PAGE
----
Apple’s isn’t ready to premiere its first retail store in Downtown Los Angeles just yet, but the stage is set. Broadway’s Tower Theatre is undergoing the largest transformation in its 92-year history. Apple’s restoration of the building will save an important part of Los Angeles culture and draw new energy to downtown’s core. Here’s a look at what’s been done so far.
Last August, Apple officially unveiled its plans for the Tower Theatre after nearly three years of rumors. With stores in L.A.’s suburbs but none downtown, the Tower presented an excellent opportunity for Apple to grow in a way that exemplifies its modern retail values.
Late in October 2018, I documented the dilapidated state of the Tower Theatre just as Apple’s renovations were beginning. The terra-cotta structure was still immaculately detailed, but tired and worn from decades of neglect and nearly a century of opening nights. Last Sunday, November 3, I revisited the Tower to check in on its restoration progress.
Apple has rehabilitated dozens of historic buildings, mostly outside of the United States. The latest project, Apple Carnegie Library in Washington, D.C., shows that a proper restoration takes time but is well worth the wait. That’s sure to be the case in Los Angeles as well, where exterior work on the Tower Theatre appears slow but steady.
Over the past year, the arched stained glass window above the theater’s entrance has been boarded over, presumably for cleaning and releading. The 1960s-era marquee is partially demolished, with scaffolding rising on top of the remaining portion. Apple’s renderings show that the theater’s original 1927 marquee will be recreated.
Left: October 2018. Right: November 2019.
Black construction walls obscure the Broadway entrance and cover every ground-floor window. The ornate 8th Street canopy has been reinforced with plywood supports so crews can work above. Last year, the theater’s 8th Street facade was still carved up by a collection of shuttered and recently relocated shops. The tenant spaces have been removed, and new doors will open the main store area directly to the street.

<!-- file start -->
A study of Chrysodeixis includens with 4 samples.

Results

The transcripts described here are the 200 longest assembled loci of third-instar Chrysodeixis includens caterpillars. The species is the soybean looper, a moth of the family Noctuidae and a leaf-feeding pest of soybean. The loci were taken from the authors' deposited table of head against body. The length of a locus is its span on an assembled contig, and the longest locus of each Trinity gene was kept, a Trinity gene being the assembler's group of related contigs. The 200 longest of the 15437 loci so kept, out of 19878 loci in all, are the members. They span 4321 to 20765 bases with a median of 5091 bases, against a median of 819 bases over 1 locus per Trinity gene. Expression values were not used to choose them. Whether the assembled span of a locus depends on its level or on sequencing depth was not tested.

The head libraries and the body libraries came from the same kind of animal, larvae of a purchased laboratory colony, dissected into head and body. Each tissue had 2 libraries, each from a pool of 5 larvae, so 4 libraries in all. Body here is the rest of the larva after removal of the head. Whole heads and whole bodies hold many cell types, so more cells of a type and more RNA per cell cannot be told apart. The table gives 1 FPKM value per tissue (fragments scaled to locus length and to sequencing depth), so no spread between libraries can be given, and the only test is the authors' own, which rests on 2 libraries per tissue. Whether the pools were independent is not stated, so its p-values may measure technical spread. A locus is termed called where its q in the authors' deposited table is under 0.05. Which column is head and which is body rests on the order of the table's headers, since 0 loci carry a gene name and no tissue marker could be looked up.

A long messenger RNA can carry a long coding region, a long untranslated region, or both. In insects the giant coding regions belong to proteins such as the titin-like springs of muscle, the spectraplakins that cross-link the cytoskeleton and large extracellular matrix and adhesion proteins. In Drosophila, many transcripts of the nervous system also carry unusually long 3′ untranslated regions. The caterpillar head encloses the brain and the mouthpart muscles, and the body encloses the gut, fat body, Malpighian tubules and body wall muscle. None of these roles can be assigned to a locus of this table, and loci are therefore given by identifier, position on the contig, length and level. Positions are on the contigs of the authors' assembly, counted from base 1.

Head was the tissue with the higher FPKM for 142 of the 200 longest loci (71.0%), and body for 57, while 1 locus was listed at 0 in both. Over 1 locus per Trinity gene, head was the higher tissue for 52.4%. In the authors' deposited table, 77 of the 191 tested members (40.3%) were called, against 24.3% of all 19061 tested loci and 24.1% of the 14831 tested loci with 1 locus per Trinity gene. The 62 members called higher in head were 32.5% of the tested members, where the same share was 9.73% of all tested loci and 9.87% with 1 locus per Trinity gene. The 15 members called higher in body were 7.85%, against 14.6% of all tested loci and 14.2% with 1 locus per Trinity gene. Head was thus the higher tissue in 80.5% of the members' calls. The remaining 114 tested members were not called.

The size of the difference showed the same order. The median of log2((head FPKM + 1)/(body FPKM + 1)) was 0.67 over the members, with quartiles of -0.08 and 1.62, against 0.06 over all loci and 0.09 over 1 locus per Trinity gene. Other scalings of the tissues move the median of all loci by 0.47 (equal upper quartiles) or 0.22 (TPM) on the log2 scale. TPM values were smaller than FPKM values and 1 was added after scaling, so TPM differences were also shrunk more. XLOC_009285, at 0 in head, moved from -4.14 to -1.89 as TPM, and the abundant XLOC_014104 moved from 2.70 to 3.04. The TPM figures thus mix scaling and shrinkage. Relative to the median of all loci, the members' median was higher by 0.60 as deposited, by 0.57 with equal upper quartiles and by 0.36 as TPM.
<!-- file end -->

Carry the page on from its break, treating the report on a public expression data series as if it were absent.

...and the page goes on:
Visible work on theater’s iconic and severely damaged namesake tower has yet to begin, but hints of progress can be found all over the facade. Small elements — a decorative cast iron column, a few pieces of terra-cotta, and canopy detailing — have been removed. These features will likely be used as templates to recreate missing or damaged details elsewhere on the building.
Blue painter’s tape maps a grid of points on the terra-cotta tiling near the front of the building. Just below, graffiti from a tagging this past summer has been scrubbed. The LA Historic Theatre Foundation reported in October that new exterior lighting is being trialed on the clock tower and 8th Street facade.
The exterior lights weren’t on when I visited just after sunset on the 3rd, but lights inside on the second floor offered a glimpse of scaffolding and construction. According to the Los Angeles Theatres blog, considerable demolition work has already been completed inside.
It’s not just Tower Theatre that’s changing. All of Downtown Los Angeles is still rapidly evolving. Next door to Apple, signage is already lit in the window for the Vans flagship store promised to open in fall 2019. Compared to last year, the area felt cleaner, safer, and better maintained. Downtown no longer feels like a strange location for an Apple Store.
Broadway is growing, but with it has come a homogenizing force brushing the streets and storefronts of some unique character. The arrival of international brands and boutique restaurants with a universal design taste makes Downtown Los Angeles feel just a little more like any other city.
When the opening credits roll and the Tower Theatre comes to life again, it’ll be Apple’s job to celebrate the arts and culture of Los Angeles through Today at Apple, reminding visitors of the building’s cinema past and creative future. Will you be there for the premiere?